In Fla., bones could help solve mystery

Theories abound in Fort Myers after discovery of eight skeletons

May 27, 2007|By Jim Stratton | Jim Stratton,Orlando Sentinel

FORT MYERS, Fla. -- The bones are whispering to Heather Walsh-Haney.

Laid out on a stainless-steel examination table, they're hinting at the secrets of death that the forensic anthropologists are working hard to understand.

How old are they? Whom do they belong to? And how did they die?

"They can give you a tremendous amount of information," said Walsh-Haney, a 39-year-old professor at nearby Florida Gulf Coast University. "You just have to know how to read them."

The eight skeletons are part of an unfolding detective story in this small city two hours south of Tampa. Found in a wooded area on the city's east side, they are the silent witnesses to a mystery local police can't yet solve.

Right now, they're not even sure what the question is.

"We've got eight bodies in the woods, and that's not normal," said Sgt. Jennifer Soto, a 12-year veteran of the force. "But we don't know yet what kind of case it is."

That hasn't stopped the speculation.

Some people have suggested that the site may be an old burial ground or a body dump for an unscrupulous undertaker. But the possibility they talk about most, that a killer might be responsible, is the one police have taken pains to rein in.

"We're still not there," said Soto. "Not at this point."

The skeletons were discovered March 23 by an ecologist surveying a piece of land near a city industrial area for potential development.

About 200 feet off a sun-baked dirt road, he spotted a human skull poking up above the leaf litter. Nearby lay a handful of fragments that appeared to be from an arm or leg.

He called police, who began scouring the tangle of towering slash pines and melaleuca trees. At first, searchers thought there was only a single set of bones, but as they worked through the day - sifting leaves, twigs and dirt through their hands - the number kept growing.

Police spokeswoman Shelly Flynn had trouble keeping up.

"I put out the first [news] release when they found the first one," she said. "Then it was two, then four, then seven, then eight."

By the time darkness closed in, local authorities had uncovered the biggest cache of human remains in Fort Myers' history. And their work was just getting started.

During the next week, more than 50 searchers and a team of cadaver dogs descended on the site to recover as much evidence as possible. They started with chainsaws, cutting paths in the dense undergrowth.

Then they crawled on their hands and knees, finding bits of bone as small as a lima bean. Searchers focused on four areas, spread out over several hundred feet.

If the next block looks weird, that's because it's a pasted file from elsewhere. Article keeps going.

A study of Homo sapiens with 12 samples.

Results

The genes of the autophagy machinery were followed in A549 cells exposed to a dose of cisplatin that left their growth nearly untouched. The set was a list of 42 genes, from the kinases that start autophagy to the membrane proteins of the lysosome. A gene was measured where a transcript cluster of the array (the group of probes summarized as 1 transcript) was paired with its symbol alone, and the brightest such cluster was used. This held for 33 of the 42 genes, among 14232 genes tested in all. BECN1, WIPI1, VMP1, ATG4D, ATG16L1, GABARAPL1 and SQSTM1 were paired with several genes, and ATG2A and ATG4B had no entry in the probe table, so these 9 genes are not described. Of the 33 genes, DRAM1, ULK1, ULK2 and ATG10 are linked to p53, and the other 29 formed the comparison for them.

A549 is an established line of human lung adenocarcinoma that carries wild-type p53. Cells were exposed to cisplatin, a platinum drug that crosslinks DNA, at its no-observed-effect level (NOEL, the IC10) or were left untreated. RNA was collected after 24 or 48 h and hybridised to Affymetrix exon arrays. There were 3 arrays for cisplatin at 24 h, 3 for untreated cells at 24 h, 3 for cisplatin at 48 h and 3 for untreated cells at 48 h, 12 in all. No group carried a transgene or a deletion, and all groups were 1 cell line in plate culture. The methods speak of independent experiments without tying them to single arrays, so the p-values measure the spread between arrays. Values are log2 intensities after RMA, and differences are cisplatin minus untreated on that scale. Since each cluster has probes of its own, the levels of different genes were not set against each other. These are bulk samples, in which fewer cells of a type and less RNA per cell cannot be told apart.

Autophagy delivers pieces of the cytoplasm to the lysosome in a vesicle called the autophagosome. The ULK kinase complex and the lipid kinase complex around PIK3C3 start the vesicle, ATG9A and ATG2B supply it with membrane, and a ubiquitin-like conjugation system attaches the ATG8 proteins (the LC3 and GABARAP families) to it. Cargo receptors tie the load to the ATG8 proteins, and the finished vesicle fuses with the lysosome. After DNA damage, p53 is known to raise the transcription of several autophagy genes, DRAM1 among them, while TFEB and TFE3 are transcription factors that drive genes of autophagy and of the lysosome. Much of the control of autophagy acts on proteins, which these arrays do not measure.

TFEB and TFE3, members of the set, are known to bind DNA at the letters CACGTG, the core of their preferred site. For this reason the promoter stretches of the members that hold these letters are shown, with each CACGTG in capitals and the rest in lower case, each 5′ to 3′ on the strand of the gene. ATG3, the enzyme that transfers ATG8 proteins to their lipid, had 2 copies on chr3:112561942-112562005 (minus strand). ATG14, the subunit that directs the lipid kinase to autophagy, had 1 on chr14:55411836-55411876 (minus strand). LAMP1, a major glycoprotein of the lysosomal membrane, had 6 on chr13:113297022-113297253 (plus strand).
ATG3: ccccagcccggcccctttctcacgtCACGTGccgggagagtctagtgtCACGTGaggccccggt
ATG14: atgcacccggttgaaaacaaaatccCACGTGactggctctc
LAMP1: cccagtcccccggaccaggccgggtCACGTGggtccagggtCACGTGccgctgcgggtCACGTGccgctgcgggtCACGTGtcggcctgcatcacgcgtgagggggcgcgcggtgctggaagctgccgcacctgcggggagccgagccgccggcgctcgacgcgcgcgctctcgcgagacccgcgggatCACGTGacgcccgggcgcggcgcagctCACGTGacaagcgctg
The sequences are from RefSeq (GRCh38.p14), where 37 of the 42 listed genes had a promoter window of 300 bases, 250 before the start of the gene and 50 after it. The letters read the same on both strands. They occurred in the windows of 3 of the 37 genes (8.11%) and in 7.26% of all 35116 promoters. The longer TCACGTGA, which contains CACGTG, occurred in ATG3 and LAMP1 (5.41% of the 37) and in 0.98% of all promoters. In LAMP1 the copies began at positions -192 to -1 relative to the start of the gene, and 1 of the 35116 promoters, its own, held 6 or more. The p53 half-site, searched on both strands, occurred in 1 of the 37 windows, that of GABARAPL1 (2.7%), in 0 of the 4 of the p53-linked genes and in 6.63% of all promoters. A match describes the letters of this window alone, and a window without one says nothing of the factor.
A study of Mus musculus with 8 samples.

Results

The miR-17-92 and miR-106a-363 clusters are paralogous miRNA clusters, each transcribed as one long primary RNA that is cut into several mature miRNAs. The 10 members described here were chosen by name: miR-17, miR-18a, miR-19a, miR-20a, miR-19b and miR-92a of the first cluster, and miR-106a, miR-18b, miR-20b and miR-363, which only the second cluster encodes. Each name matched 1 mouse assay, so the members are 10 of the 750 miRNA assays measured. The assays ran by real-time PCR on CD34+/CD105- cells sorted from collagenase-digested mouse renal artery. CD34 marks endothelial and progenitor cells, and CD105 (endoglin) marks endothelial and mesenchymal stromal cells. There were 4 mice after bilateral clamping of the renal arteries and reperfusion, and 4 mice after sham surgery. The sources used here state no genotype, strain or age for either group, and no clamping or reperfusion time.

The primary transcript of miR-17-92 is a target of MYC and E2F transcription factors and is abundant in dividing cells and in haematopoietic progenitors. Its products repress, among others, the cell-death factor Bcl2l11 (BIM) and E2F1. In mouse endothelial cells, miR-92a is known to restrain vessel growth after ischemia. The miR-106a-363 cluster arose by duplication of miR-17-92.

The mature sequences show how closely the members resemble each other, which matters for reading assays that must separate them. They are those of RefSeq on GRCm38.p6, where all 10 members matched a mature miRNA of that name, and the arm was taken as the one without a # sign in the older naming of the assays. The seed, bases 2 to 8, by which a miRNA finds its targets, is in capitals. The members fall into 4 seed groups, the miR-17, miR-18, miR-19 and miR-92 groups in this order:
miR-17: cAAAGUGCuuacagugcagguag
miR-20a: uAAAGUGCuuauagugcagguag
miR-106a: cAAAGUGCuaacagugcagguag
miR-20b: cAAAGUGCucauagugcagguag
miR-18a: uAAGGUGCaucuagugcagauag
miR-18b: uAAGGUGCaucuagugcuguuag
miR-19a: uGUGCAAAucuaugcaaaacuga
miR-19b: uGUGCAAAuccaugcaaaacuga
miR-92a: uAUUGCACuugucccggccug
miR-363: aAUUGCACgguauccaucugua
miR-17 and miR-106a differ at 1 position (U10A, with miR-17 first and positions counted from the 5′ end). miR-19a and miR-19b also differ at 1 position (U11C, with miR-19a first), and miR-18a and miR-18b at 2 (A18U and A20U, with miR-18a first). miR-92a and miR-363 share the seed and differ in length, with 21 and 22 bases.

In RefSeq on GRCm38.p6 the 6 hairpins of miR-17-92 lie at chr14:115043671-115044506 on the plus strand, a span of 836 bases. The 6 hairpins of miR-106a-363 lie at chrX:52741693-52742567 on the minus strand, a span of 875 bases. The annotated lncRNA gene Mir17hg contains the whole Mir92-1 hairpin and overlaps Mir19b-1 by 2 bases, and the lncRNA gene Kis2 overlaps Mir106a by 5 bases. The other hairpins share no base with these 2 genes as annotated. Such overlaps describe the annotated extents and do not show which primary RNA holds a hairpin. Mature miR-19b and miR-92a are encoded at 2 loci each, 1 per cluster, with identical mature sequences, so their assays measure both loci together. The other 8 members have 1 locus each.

The bones were found among a layer of debris estimated to be at least 4 years old, but it's not clear how long they had been there. Walsh-Haney, brought in as a consultant, said that flooding, predators and insects help bones "travel," so it can be tricky determining when they were dumped.

"We have bobcats, foxes, feral dogs," she said. "All those play a part in moving remains."

Most of the bones were found beneath a dry, shallow carpet of leaf litter and debris.

Investigators found no clothing and no remnants of coffins, body bags or anything else that might be used to hold human remains. There were no footprints or other signs that anyone had recently been to the scene.

The site is at least a quarter mile from the nearest building, in the middle of a sprawling, undeveloped piece of property, a good place to dispose of bodies.

The serial-killer theory is one of several swirling around the Fort Myers case. However, when a Florida Department of Law Enforcement agent suggested the case "most likely" involved homicides, local authorities warned against hasty conclusions.

"That's not the opinion of the Fort Myers Police Department," said Soto, "and we're the lead agency."

It would not be unusual for a killer to rely on favorite "dumping grounds," said criminologist James Fox. Ted Bundy disposed of several bodies on a mountainside in Washington state, and Dean Corll - who killed more than 20 boys in the early 1970s - hid many of his victims in a boat shed outside Houston.

The possibility that a killer may have dumped the bodies is an unsettling notion, said Dan Cohen, executive director of the Gulf Coast Humane Society. Cohen's building is about a mile north of the site, close enough, he said, to creep out some of his 15 staff members.

"You sort of wonder, `Is there a murderer walking around?'" he said.

Others in the community suspect the bodies were left by a funeral-home director who couldn't - or didn't want to - dispose of them properly. That's what happened 13 years ago, when authorities discovered that Finley Carter Jr., a prominent Fort Myers funeral director, had placed nine bodies in a storage unit and left them to rot. In all, investigators found more than 25 people he had not buried.

Some residents have theorized that the eight skeletons might be related to the Carter incident, but an investigator with the Lee County Sheriff's Office isn't convinced.